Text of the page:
BALTIMORE, MD – The Maryland State Department of Education’s Division of Early Childhood has awarded 50 grants aimed at serving four-year-olds in high-quality prekindergarten classrooms in Maryland.
In total, 19 school systems have been funded for one or more additional PreK classrooms. In addition, 31 community-based, Head Start and other programs in 12 jurisdictions have been funded. Approximately $26.6 million in grant awards will provide four-year-old children from low-income families access to full-day prekindergarten during school year 2019-2020.
“Early learning programs provide a strong educational foundation for our state’s youngest learners,” said Governor Hogan. “These grants are a much-needed investment in Maryland’s future generation and will allow for increased access to these programs for youth across the state.”
These funds allow school systems and early childhood programs to increase the length of the school-day from a half-day to a full-day, fund highly qualified and certified Early Childhood teachers in each classroom, and serve more vulnerable children who otherwise would not have access to the early education they need for success in school. Maryland’s statewide plan expands high-quality prekindergarten, provides intensive technical assistance, and ensures comprehensive services are accessible in many high-need communities.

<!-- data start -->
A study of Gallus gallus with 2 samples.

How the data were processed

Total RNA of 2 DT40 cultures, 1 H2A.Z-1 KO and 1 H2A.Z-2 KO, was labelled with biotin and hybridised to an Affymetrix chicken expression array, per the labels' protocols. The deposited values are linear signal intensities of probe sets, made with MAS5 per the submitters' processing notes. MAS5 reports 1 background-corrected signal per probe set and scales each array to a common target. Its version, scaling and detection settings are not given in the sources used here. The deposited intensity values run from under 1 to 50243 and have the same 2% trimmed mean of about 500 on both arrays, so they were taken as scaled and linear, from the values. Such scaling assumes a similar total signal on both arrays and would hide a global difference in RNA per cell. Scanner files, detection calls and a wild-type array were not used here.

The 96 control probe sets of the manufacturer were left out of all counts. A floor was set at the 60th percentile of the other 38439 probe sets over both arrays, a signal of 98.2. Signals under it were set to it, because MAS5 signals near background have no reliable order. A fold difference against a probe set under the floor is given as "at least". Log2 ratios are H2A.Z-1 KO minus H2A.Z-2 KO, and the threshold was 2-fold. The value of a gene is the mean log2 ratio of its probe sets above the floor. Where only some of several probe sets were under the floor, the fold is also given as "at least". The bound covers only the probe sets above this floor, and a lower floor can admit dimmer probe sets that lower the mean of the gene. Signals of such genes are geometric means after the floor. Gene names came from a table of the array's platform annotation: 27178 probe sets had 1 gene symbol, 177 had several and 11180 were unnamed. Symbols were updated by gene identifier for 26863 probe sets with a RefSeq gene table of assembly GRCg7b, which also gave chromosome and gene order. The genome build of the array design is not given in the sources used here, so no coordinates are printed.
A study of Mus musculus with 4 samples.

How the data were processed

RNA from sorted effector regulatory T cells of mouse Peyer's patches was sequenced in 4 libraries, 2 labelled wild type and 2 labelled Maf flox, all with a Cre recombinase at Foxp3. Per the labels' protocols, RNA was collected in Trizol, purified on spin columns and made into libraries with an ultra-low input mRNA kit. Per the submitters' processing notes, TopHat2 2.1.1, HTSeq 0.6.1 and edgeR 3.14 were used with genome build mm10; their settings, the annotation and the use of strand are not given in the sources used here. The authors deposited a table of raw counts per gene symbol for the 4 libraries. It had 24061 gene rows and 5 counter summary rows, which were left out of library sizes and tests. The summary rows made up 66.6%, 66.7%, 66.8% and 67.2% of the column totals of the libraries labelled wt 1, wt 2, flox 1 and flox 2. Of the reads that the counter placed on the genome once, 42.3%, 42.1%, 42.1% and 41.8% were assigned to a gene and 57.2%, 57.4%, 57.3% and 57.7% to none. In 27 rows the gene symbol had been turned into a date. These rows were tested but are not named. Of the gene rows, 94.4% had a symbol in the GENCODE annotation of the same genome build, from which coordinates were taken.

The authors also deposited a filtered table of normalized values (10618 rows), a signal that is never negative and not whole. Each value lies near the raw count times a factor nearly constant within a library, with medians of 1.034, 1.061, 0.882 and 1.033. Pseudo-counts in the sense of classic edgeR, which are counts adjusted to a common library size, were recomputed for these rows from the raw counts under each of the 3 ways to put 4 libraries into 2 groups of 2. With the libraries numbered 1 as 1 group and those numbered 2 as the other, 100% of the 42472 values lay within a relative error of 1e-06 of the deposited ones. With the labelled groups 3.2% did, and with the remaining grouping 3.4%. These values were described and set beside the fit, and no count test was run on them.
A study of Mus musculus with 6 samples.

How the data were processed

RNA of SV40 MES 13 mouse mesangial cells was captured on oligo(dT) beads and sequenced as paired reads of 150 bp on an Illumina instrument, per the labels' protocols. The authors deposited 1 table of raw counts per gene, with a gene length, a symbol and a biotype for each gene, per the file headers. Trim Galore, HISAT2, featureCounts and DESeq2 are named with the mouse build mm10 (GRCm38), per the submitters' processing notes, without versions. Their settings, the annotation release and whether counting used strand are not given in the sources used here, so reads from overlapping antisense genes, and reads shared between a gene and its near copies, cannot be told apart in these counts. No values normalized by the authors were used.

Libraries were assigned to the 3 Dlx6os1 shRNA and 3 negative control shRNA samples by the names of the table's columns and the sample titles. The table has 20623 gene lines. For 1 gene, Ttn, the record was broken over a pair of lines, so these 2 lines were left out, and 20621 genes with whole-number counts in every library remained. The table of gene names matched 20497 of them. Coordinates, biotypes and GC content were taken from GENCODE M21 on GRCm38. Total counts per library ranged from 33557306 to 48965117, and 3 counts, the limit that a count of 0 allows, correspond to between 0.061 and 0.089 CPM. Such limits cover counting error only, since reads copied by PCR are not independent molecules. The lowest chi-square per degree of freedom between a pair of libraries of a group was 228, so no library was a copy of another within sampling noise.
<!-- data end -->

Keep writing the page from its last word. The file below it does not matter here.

“Providing quality early learning opportunities for students will establish a strong foundation to help accelerate learning,” said Dr. Karen Salmon, State Superintendent of Schools. “Strong early education programs help our children refine the skills they need to be successful both in and out of the classroom.”
Funds for these grants were made possible by HB 1415 – Commission on Innovation and Excellence in Education, passed by the Maryland Legislature and signed into law by the Governor in 2018.
Among the region’s recipients – Charles County – $100,000; Prince Georges County – $3,110,000; and St. Mary’s County – $300,000
Community-based, Head Start, and other Programs receiving funds included A World of Friends School – $300,000 and Academy Child Development Centers – $700,000.